Sometimes also known as press ups, this is a fundamental body-weight exercise which is great for building up strength and endurance in the chest, shoulders and triceps. It is considered a beginner exercise which most people should be able to master quickly.

Press Ups

How to perform the Push Up

There are many different variations of the press up but the basic technique is as follows:

  • Kneel on the floor with your arms slightly wider than shoulder width apart.
  • Extend your legs backwards so that your knees are no longer on the ground and your body is raised. Your hands should remain in the same position.
  • Tighten your core and hips so that your body is in a straight line. This is your starting position
  • Slowly lower yourself to the ground, flexing your arms and using your chest, shoulder and tricep muscles to control the movement. Your elbows should stay relatively close to the side of your body to avoid injuries to the shoulder. That is, they should not flare out at right angles.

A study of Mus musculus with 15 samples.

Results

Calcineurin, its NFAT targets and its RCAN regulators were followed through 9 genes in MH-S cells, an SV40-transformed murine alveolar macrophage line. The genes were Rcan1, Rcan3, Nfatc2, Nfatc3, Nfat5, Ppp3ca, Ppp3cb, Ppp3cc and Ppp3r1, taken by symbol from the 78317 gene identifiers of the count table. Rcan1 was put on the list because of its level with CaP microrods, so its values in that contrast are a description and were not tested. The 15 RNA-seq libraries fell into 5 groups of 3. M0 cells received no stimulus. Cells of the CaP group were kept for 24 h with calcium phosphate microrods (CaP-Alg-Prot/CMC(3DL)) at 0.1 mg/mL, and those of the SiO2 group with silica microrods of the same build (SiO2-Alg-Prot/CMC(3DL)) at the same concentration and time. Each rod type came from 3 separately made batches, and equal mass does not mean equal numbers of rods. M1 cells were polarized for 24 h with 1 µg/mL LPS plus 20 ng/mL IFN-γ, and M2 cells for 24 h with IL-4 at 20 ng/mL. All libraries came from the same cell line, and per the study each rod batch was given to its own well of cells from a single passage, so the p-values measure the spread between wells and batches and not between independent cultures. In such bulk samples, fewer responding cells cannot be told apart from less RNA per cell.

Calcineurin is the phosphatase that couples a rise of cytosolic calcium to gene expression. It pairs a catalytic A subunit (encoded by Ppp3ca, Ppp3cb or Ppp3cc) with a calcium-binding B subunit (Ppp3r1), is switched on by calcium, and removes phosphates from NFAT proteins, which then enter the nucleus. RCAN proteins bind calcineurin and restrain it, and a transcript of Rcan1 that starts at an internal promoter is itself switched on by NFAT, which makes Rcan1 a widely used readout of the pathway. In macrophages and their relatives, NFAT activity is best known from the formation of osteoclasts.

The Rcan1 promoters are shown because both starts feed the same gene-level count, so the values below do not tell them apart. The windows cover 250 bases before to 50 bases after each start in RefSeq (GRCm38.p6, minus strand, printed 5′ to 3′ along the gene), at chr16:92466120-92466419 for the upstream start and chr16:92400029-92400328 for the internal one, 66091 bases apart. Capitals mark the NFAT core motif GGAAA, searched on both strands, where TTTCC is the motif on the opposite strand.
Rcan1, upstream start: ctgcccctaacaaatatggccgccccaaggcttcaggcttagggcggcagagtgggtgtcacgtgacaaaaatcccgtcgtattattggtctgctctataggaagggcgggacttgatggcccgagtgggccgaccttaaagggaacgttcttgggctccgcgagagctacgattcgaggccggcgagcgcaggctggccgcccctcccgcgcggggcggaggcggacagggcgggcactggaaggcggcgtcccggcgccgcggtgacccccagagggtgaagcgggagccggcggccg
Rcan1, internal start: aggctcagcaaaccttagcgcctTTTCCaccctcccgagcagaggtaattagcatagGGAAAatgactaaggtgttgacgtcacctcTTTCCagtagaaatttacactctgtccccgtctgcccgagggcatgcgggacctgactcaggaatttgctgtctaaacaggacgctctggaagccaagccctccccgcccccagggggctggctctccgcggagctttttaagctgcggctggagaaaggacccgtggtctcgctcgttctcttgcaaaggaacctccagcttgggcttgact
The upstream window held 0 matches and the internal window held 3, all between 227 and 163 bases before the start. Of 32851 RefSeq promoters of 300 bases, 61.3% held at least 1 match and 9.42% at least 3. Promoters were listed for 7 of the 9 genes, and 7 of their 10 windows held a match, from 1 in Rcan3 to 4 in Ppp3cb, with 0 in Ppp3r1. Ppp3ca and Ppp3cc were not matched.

• Push Ups

  • Once your chest is around six inches from the ground use the same muscles to push yourself back up, remembering to keep your body tight so that it remains in a straight line.
  • Repeat this for as many repetitions as required.

Note: If you are unable to perform a press up yet then don’t worry. You can build up to it by performing negative repetitions (i.e. starting at the top of the movement and slowly lowering yourself down) or by remaining on your knees to perform the repetitions. The further back you place your knees the harder it will become.


There are many ways to vary the push up to target the muscles in your upper body to different extents. Close grip or diamond push ups for example will place more emphasis on your triceps. Wide grip push ups will involve the chest muscle more. Similarly, placing your hand further down the body towards your core (instead of underneath your shoulders) will place more emphasis on the shoulder muscles and can be used when training for advanced moves like the Planche.